WASHINGTON, April 28, 2014 – The chairman of the Joint Chiefs of Staff praised the members of the Dallas-based America’s Future organization for their efforts on behalf of veterans, but said such efforts must continue.
Groups like America’s Future will help define how the nation looks at its veterans, Army Gen. Martin E. Dempsey said yesterday during a speech to the group in Dallas.
“What image will this generation’s veterans have?” the chairman asked. “The veterans themselves have less to say about who they are and how they will be remembered than you do, frankly.”
Dempsey spoke about the images he has had of veterans from World War II and Korea, Vietnam and Desert Storm. “Now we have the veterans of 12 years of conflict in an all-volunteer force, and how they will be remembered by history will be largely shaped by if America’s people and businesses and communities either embrace them or convince them that their service was valued or was not,” he said.
Dempsey brought up a lesson from history. Yesterday was the 77th anniversary of the German-Italian bombing of the Spanish village of Guernica. “The idea was they were working on advancing this new technology related to aerial warfare,” he said. “And the big idea on the part of the Axis was they would make resistance so outrageous, so costly to the Spanish that they would just capitulate.”
It didn’t work that way, the chairman said, and Pablo Picasso captured it in the famous painting, “Guernica”.
“Seventy-seven years later, technology keeps charging on and we learn to adapt with it,” Dempsey said. “But we can’t ever forget that what really matters in warfare are our young men and women who choose to serve and put themselves in harm’s way.”
The chairman used a photo to make this point. He showed a shot from Afghanistan where a young squad leader is on the radio. On the left is a rifleman protecting him. He’s obviously calling for something – aerial support, indirect fire, medical evacuation, guidance.
“Whatever it is he’s asking for, he is going to get,” Dempsey said. “That’s what sets us apart from any other military in the world. That’s a bond of trust we have with these kids, that when we put them in that position, that whatever they need, they’ll get.”
The chairman noted the soldier is also wearing a wedding ring. This bond of trust goes all the way from the front edge of the battlefield to communities and cities across the United States. “That is a bond of trust, without which this all-volunteer force would not hold together,” he said.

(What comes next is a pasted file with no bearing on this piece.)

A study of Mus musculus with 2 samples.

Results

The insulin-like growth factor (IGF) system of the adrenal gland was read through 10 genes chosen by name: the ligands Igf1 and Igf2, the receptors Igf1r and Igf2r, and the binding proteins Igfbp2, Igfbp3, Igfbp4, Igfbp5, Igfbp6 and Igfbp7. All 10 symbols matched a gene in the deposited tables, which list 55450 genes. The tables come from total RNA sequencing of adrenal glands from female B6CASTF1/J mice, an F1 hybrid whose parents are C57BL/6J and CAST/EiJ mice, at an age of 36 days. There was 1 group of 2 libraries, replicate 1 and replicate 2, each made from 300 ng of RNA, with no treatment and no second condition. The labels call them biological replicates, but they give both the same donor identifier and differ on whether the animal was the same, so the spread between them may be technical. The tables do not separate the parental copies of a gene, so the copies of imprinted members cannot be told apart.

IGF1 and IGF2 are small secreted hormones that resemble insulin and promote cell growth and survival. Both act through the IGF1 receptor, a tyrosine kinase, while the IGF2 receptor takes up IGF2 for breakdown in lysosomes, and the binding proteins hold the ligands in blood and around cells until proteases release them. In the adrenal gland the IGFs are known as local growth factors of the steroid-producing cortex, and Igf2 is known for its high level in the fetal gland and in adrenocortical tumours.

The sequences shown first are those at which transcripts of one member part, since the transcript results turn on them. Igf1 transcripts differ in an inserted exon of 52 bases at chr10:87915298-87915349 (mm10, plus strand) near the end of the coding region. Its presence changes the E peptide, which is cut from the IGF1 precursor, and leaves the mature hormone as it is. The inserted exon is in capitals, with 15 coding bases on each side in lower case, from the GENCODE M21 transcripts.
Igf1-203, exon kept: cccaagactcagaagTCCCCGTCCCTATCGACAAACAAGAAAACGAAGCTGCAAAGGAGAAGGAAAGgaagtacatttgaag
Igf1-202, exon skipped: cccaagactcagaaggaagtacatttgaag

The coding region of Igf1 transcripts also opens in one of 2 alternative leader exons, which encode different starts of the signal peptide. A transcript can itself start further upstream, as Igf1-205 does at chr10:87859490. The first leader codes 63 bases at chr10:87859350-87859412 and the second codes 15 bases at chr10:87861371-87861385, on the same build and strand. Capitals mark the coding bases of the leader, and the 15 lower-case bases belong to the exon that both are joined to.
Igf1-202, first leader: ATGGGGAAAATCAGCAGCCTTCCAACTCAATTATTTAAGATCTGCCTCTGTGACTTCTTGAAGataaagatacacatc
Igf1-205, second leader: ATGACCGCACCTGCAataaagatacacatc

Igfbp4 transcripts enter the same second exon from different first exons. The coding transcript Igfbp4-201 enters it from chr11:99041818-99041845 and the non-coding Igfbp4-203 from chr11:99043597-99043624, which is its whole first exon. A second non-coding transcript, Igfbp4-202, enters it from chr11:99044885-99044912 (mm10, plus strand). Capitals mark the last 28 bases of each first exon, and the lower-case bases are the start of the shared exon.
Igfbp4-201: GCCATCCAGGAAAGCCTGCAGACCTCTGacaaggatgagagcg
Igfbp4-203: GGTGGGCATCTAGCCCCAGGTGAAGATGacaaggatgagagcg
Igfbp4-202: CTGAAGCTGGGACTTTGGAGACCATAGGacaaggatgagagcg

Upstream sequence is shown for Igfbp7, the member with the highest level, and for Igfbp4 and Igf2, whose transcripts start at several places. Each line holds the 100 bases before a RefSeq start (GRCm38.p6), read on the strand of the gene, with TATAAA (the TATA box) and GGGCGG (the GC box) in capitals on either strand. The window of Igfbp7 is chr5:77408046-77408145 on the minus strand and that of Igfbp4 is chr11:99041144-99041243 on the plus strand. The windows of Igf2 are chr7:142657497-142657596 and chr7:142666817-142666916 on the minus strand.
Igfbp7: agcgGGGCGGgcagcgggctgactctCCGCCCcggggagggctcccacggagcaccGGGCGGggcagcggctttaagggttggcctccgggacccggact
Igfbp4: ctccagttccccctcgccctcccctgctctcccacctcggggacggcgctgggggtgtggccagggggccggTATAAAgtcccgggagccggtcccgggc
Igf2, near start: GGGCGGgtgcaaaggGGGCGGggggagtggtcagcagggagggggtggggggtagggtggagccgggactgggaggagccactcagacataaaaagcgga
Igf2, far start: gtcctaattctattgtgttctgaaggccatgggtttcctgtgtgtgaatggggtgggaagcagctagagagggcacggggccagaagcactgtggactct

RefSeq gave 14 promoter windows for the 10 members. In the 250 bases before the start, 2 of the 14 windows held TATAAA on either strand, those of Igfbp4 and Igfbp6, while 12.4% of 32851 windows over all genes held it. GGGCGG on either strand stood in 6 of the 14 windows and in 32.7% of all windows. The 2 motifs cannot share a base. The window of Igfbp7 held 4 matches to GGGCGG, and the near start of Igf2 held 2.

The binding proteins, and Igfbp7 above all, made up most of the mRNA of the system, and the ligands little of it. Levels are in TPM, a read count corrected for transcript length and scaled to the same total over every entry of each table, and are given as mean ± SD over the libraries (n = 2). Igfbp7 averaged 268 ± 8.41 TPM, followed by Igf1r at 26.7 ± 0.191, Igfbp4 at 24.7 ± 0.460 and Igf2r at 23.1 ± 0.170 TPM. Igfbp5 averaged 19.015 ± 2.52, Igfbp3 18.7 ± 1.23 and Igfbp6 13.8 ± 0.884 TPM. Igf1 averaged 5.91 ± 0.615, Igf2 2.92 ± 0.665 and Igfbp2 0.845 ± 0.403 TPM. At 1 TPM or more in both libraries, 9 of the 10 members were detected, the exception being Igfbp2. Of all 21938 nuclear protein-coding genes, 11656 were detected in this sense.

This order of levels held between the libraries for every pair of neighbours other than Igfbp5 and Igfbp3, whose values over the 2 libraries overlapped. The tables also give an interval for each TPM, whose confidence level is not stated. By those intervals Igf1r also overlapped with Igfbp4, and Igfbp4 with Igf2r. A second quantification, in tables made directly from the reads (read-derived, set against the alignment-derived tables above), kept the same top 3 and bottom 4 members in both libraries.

The bond of trust has to continue when service members and their families come home as well, the chairman said. “When they come home, there is a sense of trust – not a sense of entitlement,” the chairman said. “It’s not about them feeling entitled. They don’t want a handout, they want a handshake. They just want a chance.”
What communities like Dallas do to give these men and women that chance really is important, Dempsey said.
The chairman discussed the U.S. military in transition. The military is going through a transition after 12 years of war, Dempsey noted. “This doesn’t mean all conflict will magically cease, but we will have to rebalance to meet some enduring challenges and new challenges,” he said. “We have to rekindle some skills that we’ve lost over the past 12 years.”
And it must be done at a time of fiscal austerity. “We will manage our way through this, but the sooner we have some certainty, the sooner we gain some flexibility in the way we apply our budget, and the more time we are given to manage these changes then the better off we will be,” he said. “As we go through this, we will continue to earn and re-earn your confidence and the confidence of the American people.”
The bottom line for all Americans is to make the sacrifices these young men and women have made worth their blood, sweat and tears, the chairman said.
Dempsey told the audience that he has a box in his Pentagon office with the words, “Make It Matter” engraved on top. It contains the names and biographies of all those killed while under his command.
“We have an obligation to make the sacrifices of these young men and women who have fallen, but also those who have served, those who are suffering from wounds both physical and emotional – we have a genuine obligation to make their sacrifices matter,” he said. “And one of the ways we make their sacrifices matter is by taking this task on board: The task of helping their teammates.”
Dempsey spoke of visiting Brook Medical Center in San Antonio on Friday. There have been 1,645 amputees since the wars began in 2001. In previous wars, they would most likely have died. With medical advances 500 of them have returned to active duty, and 60 have gone back into combat.
“But there are more service members who have limbs so badly damaged that they contemplated having an amputation,” the chairman said. Enter a public-private partnership. The joint venture developed a brace that allows these men and women to carry the weight and eliminates much of the pain.
“What it says to me, is we’ve got to keep learning,” he said.